Upbeat economic data from China and Europe inflated global markets after days of losses on worries over an end to stimulus measures.
Figures showed increased factory output in China, the world's second-biggest economy, while a survey pointed to eurozone expansion in manufacturing and services in August.
The economic cheer helped drive the FTSE 100 Index 50.8 points higher to 6441.6 - up 0.8%.
Markets were also encouraged after policymaker Martin Weale said the Bank may need to top up its £375 billion quantitative easing programme, while minutes of a US Federal Reserve meeting showed uncertainty on whether it will taper stimulus in September or December.
The Dax in Frankfurt and the Cac 40 in Paris also both advanced on encouraging eurozone data.
A monthly composite purchasing managers' index for the 17-country single currency region, which includes both manufacturing and services, hit its highest level since June 2011 as the eurozone's recovery gathers pace.
And better-than-expected Chinese data raised hopes the country's growth slowdown may be easing, with a manufacturing survey showing the sector swinging to growth from contraction a month earlier.
Strong car production figures in the UK likewise boosted sentiment, rising 7% year-on-year in July to 128,873.
In a quiet day for corporate news, c redit card insurer CPP Group's shares plummeted by nearly a quarter after the City regulator said the group and a raft of high street lenders will fork out up to £1.3 billion in compensation for mis-sold credit card and identity theft protection.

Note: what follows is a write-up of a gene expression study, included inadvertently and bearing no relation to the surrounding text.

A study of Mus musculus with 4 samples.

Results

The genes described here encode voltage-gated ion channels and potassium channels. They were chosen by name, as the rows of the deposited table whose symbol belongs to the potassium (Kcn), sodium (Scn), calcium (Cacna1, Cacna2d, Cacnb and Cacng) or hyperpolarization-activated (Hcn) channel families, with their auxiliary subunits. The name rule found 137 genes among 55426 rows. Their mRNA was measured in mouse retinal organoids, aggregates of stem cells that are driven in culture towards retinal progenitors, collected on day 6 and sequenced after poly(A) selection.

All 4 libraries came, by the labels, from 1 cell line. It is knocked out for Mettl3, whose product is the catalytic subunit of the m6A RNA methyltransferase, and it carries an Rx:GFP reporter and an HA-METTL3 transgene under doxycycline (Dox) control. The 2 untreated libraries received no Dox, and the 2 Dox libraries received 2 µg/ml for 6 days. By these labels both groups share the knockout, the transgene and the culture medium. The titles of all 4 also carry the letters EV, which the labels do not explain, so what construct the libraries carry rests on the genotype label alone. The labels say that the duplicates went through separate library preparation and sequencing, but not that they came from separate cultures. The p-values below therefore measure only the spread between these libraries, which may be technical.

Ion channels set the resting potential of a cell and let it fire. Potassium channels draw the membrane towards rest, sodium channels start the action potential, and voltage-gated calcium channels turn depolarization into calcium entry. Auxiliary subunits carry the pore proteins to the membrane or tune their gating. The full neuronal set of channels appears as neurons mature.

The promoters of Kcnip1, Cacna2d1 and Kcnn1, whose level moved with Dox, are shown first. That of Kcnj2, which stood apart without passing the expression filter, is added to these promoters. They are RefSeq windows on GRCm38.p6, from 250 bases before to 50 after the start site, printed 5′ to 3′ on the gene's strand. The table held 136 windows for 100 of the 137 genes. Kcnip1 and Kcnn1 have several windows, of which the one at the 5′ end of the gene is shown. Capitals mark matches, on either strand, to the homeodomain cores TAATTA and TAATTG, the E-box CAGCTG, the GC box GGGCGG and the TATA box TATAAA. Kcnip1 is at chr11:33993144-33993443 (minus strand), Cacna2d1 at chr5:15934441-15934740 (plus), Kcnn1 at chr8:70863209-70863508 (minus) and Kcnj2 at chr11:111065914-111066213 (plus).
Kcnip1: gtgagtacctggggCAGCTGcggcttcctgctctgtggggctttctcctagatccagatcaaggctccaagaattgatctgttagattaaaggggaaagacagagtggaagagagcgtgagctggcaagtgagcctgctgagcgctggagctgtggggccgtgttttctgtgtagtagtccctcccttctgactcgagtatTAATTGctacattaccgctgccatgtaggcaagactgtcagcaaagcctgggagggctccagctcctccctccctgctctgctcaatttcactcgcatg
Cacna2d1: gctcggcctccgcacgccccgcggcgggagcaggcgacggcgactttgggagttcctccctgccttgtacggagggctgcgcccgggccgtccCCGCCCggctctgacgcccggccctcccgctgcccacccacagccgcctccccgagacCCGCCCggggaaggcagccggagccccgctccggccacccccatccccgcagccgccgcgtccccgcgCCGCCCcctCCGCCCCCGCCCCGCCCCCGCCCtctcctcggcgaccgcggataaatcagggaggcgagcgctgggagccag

The Financial Conduct Authority (FCA) said 13 banks and credit card firms, together with CPP, have agreed to a compensation package that will see CPP contact around seven million customers directly.
Shares in CPP plunged by 24% or 5p to 15.25p, with the settlement coming after CPP was already fined £10.5 million for the mis-selling scandal.
Banking shares shrugged off the mis-selling compensation blow, with Royal Bank of Scotland up 8.3p to 342.4p and Lloyds Banking Group ahead 0.8p to 74.7p despite being listed among those due to offer redress.
Infrastructure group Costain was up more than 3% after reporting a 20% hike in its order book to an all time high of £2.9 billion.
Its shares were 9.25p higher to 290p despite interim pre-tax profits plunging to £3.1 million from £14.7 million.
But shares in support services group Carillion were 5.7p lower to 291.6p after half-year revenues fell 9% to £1.96 billion, driven lower by shrinking its construction arm.
It said while there are some opportunities for medium-term construction growth, the market remains challenging.